Published in the May 4, 2017 edition


NORTH READING – The pending sale of the Berry Property and the considerable revenue that will come with it have generated a fair amount of conversation in town about what could be done with that money.

With that in mind, town resident and 2016 selectman candidate Richard Wallner is the leader of a group called ACT (Advocates for Adults, Community and Team), which emphasizes tax and quality of life issues in North Reading – especially for empty nester-aged residents who may be starting to approach their retirement years or are already there. Wallner, a financial advisor by trade who serves on the board of the town’s Council on Aging as well as on the Community Impact Team, spoke at a selectman’s meeting last month, noting that the town has “a variety of big ticket needs that may affect our property taxes.” Those needs were a fire department renovation or replacement, a new town hall, affordable housing, an intergenerational community center, and a new “Main Street” around the Route 28 and 62 intersections. He also noted that over a quarter of the town’s population is over the age of 60, and that many members of that demographic could decide to leave town if their property taxes get too high. “This is not how you build a great community,” said Wallner. “If you don’t embrace (the community), you’re going to lose it.”

In a conversation this week with the Transcript, Wallner suggested that all of the proposed projects for the town need “a day of vetting” where residents and town officials could discuss the town’s most pressing needs and lay out fiscally sensible policies on how to pursue them. Wallner cited a proposed $75,000 feasibility study for a new fire station that is likely to come up at the October Town Meeting, after having initially been set for the June one. Instead of pursuing it now with $75,000, Wallner said the town should know exactly what it’s looking for before bringing in the consultants. He cited the separate ongoing matter of adding bathrooms to Arthur Kenney Field and the money that has been spent up to this point on design and other aspects, without much more to show for it. The state-mandated project to install a handful of public toilets at the school field could potentially come out around “$60,000 per potty,” said Wallner, calling that sum “a lot of money per seat.”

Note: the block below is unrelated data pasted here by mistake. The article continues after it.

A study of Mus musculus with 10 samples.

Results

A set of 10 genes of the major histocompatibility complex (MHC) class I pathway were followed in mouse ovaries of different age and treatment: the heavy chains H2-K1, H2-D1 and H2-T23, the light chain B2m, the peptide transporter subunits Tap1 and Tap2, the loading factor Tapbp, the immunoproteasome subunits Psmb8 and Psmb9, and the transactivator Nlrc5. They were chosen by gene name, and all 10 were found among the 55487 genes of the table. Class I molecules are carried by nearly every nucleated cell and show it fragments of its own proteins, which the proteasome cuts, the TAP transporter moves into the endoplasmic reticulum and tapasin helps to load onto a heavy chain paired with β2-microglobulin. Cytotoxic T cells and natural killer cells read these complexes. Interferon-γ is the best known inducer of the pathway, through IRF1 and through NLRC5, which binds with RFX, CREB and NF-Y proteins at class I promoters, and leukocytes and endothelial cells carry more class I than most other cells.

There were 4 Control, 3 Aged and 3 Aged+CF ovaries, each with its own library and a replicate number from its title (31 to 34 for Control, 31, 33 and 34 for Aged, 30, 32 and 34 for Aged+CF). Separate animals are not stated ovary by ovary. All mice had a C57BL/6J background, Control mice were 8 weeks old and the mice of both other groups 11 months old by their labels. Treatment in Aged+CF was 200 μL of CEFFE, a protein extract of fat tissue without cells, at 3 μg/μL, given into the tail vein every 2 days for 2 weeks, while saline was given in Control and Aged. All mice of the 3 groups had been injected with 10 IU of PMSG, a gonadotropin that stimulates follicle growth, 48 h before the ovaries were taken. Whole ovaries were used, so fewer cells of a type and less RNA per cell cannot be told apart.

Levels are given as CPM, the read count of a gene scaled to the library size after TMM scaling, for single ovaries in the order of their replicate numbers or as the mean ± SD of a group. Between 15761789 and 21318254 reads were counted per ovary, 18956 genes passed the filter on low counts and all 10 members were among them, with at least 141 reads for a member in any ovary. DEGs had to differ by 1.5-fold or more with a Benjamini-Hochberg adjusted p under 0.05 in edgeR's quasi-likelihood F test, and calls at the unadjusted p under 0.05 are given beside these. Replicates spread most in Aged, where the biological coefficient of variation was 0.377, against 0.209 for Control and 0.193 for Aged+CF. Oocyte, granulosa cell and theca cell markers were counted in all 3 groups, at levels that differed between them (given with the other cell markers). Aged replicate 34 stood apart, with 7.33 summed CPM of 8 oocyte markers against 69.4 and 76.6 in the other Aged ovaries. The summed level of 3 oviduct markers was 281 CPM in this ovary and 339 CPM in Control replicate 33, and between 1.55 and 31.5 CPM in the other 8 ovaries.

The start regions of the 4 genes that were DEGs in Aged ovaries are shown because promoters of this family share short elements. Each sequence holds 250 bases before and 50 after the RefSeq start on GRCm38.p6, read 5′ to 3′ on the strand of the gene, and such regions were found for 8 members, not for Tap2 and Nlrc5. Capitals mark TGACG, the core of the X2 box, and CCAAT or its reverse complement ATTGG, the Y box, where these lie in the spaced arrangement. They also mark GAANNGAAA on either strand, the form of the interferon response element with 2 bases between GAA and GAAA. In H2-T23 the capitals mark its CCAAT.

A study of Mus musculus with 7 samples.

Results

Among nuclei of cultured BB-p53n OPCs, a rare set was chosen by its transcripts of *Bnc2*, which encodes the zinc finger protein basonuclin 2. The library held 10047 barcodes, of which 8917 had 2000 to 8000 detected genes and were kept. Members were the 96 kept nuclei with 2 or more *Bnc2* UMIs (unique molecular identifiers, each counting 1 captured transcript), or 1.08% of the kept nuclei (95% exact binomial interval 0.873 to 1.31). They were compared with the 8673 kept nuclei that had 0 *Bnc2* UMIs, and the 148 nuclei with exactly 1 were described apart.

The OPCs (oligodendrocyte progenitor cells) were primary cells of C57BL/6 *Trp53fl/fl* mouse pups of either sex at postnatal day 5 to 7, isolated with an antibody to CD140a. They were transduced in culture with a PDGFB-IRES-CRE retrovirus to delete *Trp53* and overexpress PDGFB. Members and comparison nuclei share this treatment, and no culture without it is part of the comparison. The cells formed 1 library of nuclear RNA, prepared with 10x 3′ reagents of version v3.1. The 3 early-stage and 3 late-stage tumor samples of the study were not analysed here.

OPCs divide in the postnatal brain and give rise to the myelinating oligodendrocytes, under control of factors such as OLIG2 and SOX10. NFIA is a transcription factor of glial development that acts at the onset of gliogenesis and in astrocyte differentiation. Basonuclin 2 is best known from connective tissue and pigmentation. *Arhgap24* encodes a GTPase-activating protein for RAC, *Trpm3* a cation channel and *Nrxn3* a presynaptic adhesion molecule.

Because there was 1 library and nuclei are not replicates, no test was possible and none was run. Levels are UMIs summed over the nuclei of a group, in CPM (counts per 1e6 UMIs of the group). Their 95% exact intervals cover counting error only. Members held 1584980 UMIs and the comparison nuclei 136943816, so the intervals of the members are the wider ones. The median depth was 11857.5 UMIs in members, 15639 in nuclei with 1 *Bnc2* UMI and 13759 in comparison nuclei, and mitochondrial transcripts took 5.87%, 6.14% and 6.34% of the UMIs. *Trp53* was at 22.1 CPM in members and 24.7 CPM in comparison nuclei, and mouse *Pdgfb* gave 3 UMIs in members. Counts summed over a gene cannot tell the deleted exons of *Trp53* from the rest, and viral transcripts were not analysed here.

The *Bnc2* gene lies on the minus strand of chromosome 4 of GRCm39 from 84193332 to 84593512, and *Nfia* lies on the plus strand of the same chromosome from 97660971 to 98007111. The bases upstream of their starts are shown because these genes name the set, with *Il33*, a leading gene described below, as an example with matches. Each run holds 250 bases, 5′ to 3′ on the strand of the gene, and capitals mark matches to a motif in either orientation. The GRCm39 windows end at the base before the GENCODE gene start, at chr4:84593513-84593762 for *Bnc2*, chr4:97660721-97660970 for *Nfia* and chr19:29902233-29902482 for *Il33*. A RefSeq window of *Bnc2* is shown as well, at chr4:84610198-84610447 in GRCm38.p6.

Wallner also said that his citizens group is not opposing any specific proposals for the town, but merely wants to see actions that make sense for it, while also maintaining transparency and fiscal balance.

Looking ahead to some of the previously mentioned priorities, Wallner said that the area around Stop and Shop could be a good location for a future community center, and he cited the L.I.F.E. senior affordable housing program in neighboring Lynnfield as something North Reading should examine as a way to help keep more seniors in town. A future community center could also be potentially designed as part of a new town hall, said Wallner, citing another way in which the various town priorities can be joined more efficiently. Another idea for the town to pursue could be bike paths connecting its well-traveled areas to other towns such as Lynnfield.

Ultimately, said Wallner, with careful planning the town could redevelop Route 28 and bring in new business and community opportunities that would further be bolstered by new affordable housing in the area. “You could really bring all this together,” he said.

Last week at the selectmen’s meeting, Wallner wrapped with suggestions that residents should be surveyed about large town projects before town meeting instead of during it, and that the various stakeholders in the projects should come together to present and discuss their proposals in an open and transparent forum. Wallner also noted in his remarks to selectmen that to further aid the town’s planning, he supports an update to the master plan which would likely be completed next year and which would potentially get funded at the June Town Meeting. He also suggested that town officials should “really dig into” the state Metropolitan Area Planning Council study on a potential new Main Street to find ways where the town’s various objectives can be incorporated. “Who else gets to build their downtown?” said Wallner. “We can create our future.”